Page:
Eugene F. PRATT Jr. et al., Appellants, v. BOARD OF COOPERATIVE EDUCATIONAL SERVICES, Respondent.

Decided: June 25, 1998

Before MIKOLL, J.P., and MERCURE, CREW, YESAWICH and CARPINELLO, JJ. Finkelstein, Levine, Gettelsohn & Partners (Steven Lim, of counsel), Newburgh, for appellants. Michael M. Emminger (David E. Winans, of counsel), Albany, for respondent.

Appeal from a judgment of the Supreme Court (Seibert Jr., J.), entered March 20, 1997 in Warren County, upon a verdict rendered in favor of defendant.

This action arises out of a December 10, 1993 incident whereby plaintiff Eugene F. Pratt Jr. (hereinafter plaintiff) was injured while participating in a vocational class designed to teach basic construction techniques when a platform he and four other students were lifting unexpectedly fell on his ankle.   As a result of plaintiff's injuries, he and his mother, derivatively, commenced this lawsuit alleging one cause of action in negligence asserting a breach of defendant's duty to adequately supervise its students.   Following a trial, the jury rendered a verdict in favor of defendant and a judgment was entered dismissing the complaint.   Plaintiffs appeal.

 We affirm.   We are unpersuaded by plaintiffs' contention that the jury's verdict was against the weight of the evidence.   A verdict may be successfully challenged on this basis only when “ ‘the evidence so preponderate [d] in favor of the [plaintiff] that [the verdict] could not have been reached on any fair interpretation of the evidence’ ” (Lolik v. Big v. Supermarkets, 86 N.Y.2d 744, 746, 631 N.Y.S.2d 122, 655 N.E.2d 163, quoting Moffatt v. Moffatt, 86 A.D.2d 864, 447 N.Y.S.2d 313, affd. 62 N.Y.2d 875, 478 N.Y.S.2d 864, 467 N.E.2d 528).   It is well settled that “a school is not an insurer of the safety of its students;  it is, nonetheless, obligated to adequately supervise the activities of the students under its care and [would] be held liable for foreseeable injuries which [were] proximately related to the absence of supervision” (Malik v. Greater Johnstown Enlarged School Dist., 248 A.D.2d 774, ----, 669 N.Y.S.2d 729, 730;  see, Mirand v. City of New York, 84 N.Y.2d 44, 49, 614 N.Y.S.2d 372, 637 N.E.2d 263).   Thus, the duty owed by defendant to plaintiff was that of a reasonably prudent parent (see, Kennedy v. Waterville Cent. School Dist., 172 A.D.2d 1019, 1020, 569 N.Y.S.2d 278).

 Here, the evidence established that plaintiff was enrolled in a class specifically to learn basic construction techniques and the curriculum included the proper procedure to follow when lifting and putting down heavy objects.   Students were taught to lift using their legs, not their backs, to communicate with each other while lifting and to tell their instructor if the object was too heavy.   Prior to the accident, the students, including plaintiff, had lifted and lowered other heavy objects as part of their coursework.   Notably, Joanne Bemis, the teaching assistant in charge at the time, stated that although she was standing within five feet of the students, no one expressed any reservation about lifting the platform and during the lift no one communicated to her that there was a problem, something that they had been taught to do if an object became too heavy.   Bemis testified that when the platform was lowered to around shoulder level, one of the students suddenly yelled “drop it” and the platform immediately fell, striking plaintiff before he could get out of the way.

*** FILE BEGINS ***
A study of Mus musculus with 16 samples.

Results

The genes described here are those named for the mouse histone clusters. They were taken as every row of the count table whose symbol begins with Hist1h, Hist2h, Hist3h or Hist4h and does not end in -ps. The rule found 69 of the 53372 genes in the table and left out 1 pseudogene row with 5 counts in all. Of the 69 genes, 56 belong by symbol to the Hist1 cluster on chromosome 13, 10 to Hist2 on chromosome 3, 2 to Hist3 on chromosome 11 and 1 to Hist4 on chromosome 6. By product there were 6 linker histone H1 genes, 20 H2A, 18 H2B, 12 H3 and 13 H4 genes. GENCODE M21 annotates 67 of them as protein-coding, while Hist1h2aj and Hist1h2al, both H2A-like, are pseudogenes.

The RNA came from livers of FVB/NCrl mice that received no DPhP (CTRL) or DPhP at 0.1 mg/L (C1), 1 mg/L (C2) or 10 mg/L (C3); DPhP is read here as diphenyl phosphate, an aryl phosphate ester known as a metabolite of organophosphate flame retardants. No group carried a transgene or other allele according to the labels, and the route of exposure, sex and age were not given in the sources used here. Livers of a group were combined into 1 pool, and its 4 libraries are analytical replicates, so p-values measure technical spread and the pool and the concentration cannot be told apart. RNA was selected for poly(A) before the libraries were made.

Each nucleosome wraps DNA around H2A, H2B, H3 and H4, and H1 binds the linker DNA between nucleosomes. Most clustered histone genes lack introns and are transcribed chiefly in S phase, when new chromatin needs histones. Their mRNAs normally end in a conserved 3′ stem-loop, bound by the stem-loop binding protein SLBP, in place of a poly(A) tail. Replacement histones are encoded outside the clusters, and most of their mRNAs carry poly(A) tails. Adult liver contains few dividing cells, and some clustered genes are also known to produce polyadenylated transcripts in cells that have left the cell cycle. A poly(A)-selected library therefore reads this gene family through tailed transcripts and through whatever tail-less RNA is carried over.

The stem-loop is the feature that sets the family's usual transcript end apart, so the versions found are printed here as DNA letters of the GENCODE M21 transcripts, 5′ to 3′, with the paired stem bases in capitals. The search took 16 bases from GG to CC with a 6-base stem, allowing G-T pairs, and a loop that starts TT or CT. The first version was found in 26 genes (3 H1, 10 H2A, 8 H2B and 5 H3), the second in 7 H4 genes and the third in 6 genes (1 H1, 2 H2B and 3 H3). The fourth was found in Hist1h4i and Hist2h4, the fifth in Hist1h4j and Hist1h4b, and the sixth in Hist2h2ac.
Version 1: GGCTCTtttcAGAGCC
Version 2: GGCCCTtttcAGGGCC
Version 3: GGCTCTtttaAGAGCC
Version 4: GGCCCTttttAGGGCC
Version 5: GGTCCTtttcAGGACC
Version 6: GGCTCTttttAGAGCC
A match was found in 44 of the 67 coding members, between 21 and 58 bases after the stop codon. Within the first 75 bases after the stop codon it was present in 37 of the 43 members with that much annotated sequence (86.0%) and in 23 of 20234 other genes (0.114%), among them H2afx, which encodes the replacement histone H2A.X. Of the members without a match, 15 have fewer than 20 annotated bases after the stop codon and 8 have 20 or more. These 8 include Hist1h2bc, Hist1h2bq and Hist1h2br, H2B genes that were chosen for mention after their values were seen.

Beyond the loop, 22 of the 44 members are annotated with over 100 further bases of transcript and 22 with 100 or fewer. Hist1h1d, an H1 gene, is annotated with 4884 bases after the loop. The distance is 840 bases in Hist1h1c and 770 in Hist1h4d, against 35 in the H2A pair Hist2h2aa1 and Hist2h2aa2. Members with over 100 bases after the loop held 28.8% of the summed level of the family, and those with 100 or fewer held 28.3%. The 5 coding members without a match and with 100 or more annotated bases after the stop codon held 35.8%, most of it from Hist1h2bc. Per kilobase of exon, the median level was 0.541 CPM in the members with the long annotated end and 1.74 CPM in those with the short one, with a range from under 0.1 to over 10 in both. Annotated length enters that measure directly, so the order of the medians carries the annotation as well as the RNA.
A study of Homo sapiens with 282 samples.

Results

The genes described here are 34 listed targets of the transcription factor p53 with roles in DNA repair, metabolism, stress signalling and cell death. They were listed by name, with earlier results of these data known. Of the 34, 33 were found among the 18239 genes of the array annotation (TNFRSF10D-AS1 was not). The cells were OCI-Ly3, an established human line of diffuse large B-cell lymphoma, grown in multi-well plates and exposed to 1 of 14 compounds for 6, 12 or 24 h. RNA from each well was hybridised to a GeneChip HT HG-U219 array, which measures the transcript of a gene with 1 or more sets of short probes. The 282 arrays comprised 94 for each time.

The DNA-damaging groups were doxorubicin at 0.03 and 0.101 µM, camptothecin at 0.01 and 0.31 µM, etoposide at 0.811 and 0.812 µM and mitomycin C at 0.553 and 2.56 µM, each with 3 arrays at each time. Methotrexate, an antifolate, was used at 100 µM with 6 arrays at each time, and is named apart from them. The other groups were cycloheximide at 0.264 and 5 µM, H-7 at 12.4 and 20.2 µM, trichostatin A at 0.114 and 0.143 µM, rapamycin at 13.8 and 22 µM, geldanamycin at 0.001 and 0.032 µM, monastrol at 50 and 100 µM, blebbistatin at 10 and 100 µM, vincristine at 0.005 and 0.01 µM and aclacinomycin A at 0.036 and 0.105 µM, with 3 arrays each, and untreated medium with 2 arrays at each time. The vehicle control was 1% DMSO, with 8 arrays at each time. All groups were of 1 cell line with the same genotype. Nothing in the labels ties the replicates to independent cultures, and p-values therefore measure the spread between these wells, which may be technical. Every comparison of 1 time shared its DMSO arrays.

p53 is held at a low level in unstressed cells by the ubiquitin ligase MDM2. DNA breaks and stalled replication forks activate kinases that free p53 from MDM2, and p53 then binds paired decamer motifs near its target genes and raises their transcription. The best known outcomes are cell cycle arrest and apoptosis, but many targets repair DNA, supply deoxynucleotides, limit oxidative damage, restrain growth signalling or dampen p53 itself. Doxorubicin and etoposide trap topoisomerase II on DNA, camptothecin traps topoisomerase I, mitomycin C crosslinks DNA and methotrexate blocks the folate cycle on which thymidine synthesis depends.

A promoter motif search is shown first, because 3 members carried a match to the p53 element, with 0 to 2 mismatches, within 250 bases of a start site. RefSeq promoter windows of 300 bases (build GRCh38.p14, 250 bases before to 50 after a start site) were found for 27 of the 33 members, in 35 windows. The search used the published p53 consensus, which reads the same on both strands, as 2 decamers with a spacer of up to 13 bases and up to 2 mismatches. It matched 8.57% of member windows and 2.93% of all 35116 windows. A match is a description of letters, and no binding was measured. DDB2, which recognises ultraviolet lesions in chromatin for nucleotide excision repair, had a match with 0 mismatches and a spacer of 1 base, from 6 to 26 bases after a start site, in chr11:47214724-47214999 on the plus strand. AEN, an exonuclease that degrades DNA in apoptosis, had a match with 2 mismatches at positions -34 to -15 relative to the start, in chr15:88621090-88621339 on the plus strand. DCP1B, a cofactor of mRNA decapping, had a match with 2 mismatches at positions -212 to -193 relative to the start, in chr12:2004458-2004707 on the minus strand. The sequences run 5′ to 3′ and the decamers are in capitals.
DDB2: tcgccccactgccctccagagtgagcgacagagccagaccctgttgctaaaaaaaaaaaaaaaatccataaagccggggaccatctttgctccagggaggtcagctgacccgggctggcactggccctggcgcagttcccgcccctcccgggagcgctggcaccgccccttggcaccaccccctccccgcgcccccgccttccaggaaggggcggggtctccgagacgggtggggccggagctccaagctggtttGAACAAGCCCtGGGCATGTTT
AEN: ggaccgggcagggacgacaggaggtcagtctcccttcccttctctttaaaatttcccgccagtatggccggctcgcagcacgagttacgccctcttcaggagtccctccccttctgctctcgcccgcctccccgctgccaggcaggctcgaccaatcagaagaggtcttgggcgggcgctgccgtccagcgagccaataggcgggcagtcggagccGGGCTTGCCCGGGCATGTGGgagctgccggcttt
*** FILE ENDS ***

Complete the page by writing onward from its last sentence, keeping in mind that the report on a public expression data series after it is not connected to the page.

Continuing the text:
Significantly, plaintiff's own testimony was in agreement with Bemis' testimony as to how the students were taught to lift and lower heavy objects.   Plaintiff admitted that he did not tell Bemis prior to the accident that the platform was too heavy.   Given the trial testimony, the jury could fairly conclude that plaintiff was injured as a result of a sudden and spontaneous incident that could neither have been anticipated nor prevented by school personnel (see, e.g., Foster v. New Berlin Cent. School Dist., 246 A.D.2d 880, 667 N.Y.S.2d 994).

We have examined plaintiffs' challenges to the jury charge and find them to be either lacking in merit or nonprejudicial error.   In our view, Supreme Court properly instructed the jury as to the potential negligence of defendant in its capacity as a school (see, 1A N.Y. PJI 2:227, at 934-935 [3d ed] ).1  Nor are we persuaded by plaintiffs' claim that Supreme Court's answer to two questions from the jury regarding clarification as to the definition of negligence led to confusion.   Significantly, after the two questions were answered, the jury immediately reached a unanimous verdict.

ORDERED that the judgment is affirmed, without costs.


1.   One of plaintiffs' contentions of error with respect to the jury charge concerns Supreme Court's charge that defendant was under a duty to use special care as set forth in the Pattern Jury Instructions (1A N.Y. PJI 2:15, at 192 [3d ed] ), a provision that was read to the jury at plaintiffs' insistence.   Although this charge was actually given in error (see, Krey v. Board of Educ. of Scarsdale Union Free School Dist., 202 A.D.2d 397, 608 N.Y.S.2d 689), the error was harmless in that defendant was not prejudiced given the jury's verdict in its favor.


MIKOLL, J.P., and MERCURE, CREW and YESAWICH, JJ., concur.